One-Minute Review: Hoda Barakat’s /Tiller of Waters/

Because I resist this idea of “summer reading,” I thought I’d choose a summer reading-challenge novel that is quiet, thoughtful, and cannot easily be taken to the beach (where one reads with an eye to make sure the children don’t drown) or on a plane (where one reads with an eye toward the person sneezing beside her).

Hoda Barakat’s Tiller of Waters (translated by Marilyn Booth) is narrated by an exceptionally quiet man, Niqula Mitri. His life’s passion has been handed down from his well-traveled ancestors—a cloth merchant father, and grandfather—but he finds the past and present conspiring to close him in, shutting him up in solitude.

Before the story’s foreground action begins, Mitri’s father has died unexpectedly, his mother fell ill and died, and their servant Shamsa, who was the only one who gave him pleasure, has disappeared. From his earlier life:

I ate in the sitting room on a little tray, enjoying fully the little bursts of laughter coming from Shamsa, who had lit up my life, composed as it was of a very few windows, all of them so firmly closed.

After Mitri’s apartment is taken over by refugees during Beirut’s protracted civil war, he re-visits the family’s old cloth shop, which is in a bombed-out, looted no-man’s land, and which he’d thought was completely destroyed. But down below, in the basement, everything is locked up and intact.

Mitri moves in. From here, he weaves together three contrapuntal stories. In one, he recalls thousands of years of sometimes-terrible, sometimes-beautiful human history via the cloth of his father’s store, the cloth about which he spoke with his beloved Shamsa. In another, he remembers his father’s time, when synthetic fabrics took over the market. People forgot where things came from, and what they meant.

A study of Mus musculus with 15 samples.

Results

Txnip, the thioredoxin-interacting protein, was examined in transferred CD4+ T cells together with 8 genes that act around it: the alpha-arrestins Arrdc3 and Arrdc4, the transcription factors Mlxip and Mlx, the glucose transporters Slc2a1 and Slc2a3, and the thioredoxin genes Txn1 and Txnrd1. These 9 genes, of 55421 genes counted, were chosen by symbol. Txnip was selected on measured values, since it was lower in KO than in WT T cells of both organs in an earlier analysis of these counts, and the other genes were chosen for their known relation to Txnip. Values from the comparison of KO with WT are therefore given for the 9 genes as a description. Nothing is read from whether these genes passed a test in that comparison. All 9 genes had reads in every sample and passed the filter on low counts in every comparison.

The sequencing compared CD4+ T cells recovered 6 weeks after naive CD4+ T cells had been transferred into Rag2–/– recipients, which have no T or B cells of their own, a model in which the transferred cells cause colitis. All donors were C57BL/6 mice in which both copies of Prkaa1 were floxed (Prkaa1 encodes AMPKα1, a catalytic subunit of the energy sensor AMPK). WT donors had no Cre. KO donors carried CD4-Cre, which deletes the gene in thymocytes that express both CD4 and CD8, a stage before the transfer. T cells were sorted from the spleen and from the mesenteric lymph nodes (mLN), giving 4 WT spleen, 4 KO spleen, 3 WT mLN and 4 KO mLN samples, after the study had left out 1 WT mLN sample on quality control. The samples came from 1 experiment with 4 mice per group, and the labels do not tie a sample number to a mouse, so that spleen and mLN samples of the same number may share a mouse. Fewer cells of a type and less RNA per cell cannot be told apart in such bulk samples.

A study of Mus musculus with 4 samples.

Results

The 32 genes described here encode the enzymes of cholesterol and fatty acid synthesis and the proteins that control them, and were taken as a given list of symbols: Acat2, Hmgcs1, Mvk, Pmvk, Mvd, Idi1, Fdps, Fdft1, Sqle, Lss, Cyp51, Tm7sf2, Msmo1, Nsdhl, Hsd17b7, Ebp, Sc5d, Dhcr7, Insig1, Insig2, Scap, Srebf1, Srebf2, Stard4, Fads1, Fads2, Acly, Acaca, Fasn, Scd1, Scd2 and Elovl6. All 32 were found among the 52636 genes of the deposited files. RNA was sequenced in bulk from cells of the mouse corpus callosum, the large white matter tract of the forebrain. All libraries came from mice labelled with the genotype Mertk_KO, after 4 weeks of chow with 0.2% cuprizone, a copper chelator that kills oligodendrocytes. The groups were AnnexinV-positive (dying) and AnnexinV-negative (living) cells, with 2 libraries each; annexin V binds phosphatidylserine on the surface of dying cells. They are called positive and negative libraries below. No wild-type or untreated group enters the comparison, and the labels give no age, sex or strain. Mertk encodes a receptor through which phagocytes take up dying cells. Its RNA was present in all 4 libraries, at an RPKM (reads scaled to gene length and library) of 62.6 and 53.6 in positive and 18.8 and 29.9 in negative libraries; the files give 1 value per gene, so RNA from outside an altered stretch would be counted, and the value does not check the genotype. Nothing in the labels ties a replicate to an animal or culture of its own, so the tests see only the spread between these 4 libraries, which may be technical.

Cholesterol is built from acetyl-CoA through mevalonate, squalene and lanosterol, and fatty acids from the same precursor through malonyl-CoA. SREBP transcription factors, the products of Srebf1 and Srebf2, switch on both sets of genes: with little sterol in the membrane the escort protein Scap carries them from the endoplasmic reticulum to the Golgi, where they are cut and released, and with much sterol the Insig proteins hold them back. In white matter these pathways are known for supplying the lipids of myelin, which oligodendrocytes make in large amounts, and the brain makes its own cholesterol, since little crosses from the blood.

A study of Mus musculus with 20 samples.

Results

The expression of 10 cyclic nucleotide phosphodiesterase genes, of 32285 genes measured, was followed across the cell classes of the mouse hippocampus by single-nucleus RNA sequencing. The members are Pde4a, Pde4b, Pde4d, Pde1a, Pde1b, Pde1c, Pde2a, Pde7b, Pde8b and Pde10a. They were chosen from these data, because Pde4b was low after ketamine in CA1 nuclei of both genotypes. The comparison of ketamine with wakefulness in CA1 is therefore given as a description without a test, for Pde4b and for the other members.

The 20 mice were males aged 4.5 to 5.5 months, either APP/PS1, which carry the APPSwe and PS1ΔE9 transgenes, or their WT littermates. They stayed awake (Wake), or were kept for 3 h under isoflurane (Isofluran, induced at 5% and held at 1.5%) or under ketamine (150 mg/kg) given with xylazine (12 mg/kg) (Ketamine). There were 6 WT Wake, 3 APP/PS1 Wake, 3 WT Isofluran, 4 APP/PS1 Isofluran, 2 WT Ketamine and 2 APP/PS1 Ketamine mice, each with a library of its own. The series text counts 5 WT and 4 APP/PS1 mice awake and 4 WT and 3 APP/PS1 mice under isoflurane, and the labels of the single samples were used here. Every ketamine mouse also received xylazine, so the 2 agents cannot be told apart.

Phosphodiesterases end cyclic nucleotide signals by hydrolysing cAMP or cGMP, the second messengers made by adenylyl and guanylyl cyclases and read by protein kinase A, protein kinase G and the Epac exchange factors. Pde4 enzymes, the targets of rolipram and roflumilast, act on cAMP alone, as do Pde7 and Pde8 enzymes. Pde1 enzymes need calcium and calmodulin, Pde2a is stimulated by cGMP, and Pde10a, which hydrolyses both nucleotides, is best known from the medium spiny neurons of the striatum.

His father had asked:

Who, these days, sees in a length of cloth its origin, its place of birth, the caravans’ voyages? Who detects countries and regions, histories and stories, massed like a miracle in this city of ours?

And then, after the era of synthetic forgetfulness, comes the present-moment story line, in which the hero is collecting roots and wild vegetables to eat, hiding out in a deserted market area, communicating with a pack of stray dogs in a bombed-out no-man’s land.

The contrast of Mitri’s life of animal survival and the thousands of years of history is particularly rich with vivid complements and contrasts.

Of course, there is much more to this nuanced, layered book, but my minute is up. It’s a terrific candidate for a book-club reading and discussion, as evidenced by the questions posted by Read Kutub. At some point soon, a group that’s put together an Arabic-lit-in-English book club in Denver, I hope, will give you tips for beginning your own.